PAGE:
I must confess: my motivation for filling out the sheet was low. Who cares what challenges I spontaneously see for Berlin and what solution I write down for them? All I could quickly think of are things that fall into the category of “quite-clear”. And even if I had a brilliant idea: who would read it, pick it out from the many other filled-in slips of paper and possibly put it into practice? What criteria are used to decide which of the ideas will be taken up in any form? Do those who carry out the participation do so on a whim?

I don’t want to denigrate the campaign “What challenge does Berlin face?” Rather, I would like to use the example to show what could be done right in a participation that starts with an open free-text question.

    The question: The question must be chosen in a way that participants can answer it without much effort. At the same time, they should feel that their answer can make a difference in some way. This could be the case if their idea is so sparkling that it is not unlikely that it will be heard. Or because as a participant, you can expect to join a chorus of like-minded people who are working together to get a cause heard.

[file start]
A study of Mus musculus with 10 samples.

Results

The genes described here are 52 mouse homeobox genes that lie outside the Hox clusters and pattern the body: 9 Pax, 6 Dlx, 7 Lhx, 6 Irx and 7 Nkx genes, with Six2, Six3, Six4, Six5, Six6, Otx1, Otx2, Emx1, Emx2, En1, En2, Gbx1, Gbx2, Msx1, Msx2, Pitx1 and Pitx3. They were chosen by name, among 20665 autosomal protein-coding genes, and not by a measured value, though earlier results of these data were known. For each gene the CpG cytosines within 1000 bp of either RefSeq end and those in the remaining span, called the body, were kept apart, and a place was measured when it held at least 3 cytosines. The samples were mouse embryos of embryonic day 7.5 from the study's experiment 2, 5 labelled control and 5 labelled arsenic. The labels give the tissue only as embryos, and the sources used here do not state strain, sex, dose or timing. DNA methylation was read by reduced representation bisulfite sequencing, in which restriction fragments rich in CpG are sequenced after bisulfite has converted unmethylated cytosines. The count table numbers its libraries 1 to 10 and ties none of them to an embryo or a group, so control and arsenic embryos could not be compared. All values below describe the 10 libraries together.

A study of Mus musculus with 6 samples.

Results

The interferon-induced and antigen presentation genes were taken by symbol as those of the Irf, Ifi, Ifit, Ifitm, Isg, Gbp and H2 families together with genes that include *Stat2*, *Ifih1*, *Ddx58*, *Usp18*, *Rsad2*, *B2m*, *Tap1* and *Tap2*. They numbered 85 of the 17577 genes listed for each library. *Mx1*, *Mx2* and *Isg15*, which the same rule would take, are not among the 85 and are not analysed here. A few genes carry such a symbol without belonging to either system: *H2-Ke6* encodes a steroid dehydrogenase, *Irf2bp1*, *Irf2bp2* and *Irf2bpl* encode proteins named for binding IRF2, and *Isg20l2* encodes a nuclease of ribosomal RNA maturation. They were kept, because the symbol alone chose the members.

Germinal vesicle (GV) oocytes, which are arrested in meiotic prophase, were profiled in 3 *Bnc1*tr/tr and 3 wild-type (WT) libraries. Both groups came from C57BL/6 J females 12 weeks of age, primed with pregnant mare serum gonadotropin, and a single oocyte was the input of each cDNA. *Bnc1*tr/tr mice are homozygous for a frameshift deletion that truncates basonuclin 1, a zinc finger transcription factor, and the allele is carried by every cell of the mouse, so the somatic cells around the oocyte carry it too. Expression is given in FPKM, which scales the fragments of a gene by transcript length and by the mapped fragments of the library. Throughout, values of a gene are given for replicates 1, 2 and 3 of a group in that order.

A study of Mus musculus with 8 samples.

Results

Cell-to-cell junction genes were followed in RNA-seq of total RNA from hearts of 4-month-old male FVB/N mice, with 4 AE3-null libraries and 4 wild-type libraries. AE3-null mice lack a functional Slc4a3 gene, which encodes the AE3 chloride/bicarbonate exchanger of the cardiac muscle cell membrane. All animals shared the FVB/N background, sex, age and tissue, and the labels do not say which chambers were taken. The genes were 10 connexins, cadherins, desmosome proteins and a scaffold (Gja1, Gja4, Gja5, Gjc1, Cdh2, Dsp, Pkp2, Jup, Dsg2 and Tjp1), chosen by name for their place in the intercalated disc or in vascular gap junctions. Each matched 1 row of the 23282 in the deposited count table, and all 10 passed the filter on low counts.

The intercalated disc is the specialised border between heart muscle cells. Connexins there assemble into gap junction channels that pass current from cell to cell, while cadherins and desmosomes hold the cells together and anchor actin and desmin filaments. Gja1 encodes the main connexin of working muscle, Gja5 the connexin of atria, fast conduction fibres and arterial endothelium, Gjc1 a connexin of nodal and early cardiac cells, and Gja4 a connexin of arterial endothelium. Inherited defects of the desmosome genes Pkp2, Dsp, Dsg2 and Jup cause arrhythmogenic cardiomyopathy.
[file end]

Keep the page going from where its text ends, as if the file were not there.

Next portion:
Transparency of results: As a participant, I expect that the results of a participation process are publicly visible. It is of little help here if all the submitted ideas are published as a long list. It is more interesting if the participants’ contributions are thematically organised into groups and subgroups. With the help of such an order and finding system, transparency from a practical point of view on which topics have been addressed and which proposals have been submitted is also ensured.

    Decision orientation: A participation process should be clearly oriented towards a decision. From the point of view of those involved, it is not a very satisfactory solution for decision-makers to select individual ideas as they see fit. A better solution would be for the decision-makers to commit themselves to at least making a statement on the proposals submitted: “We’ll do it!”. Or: “We already have!” Or: “We can’t do it because …”.

Within a participation process, comparatively small design features make it possible to meet these points. But these make a difference in the bigger picture. Just asking for ideas: that’s a survey. A one-way street. With the additional design features, it becomes participation. And most people, I would argue, would rather partake in a participation than a survey.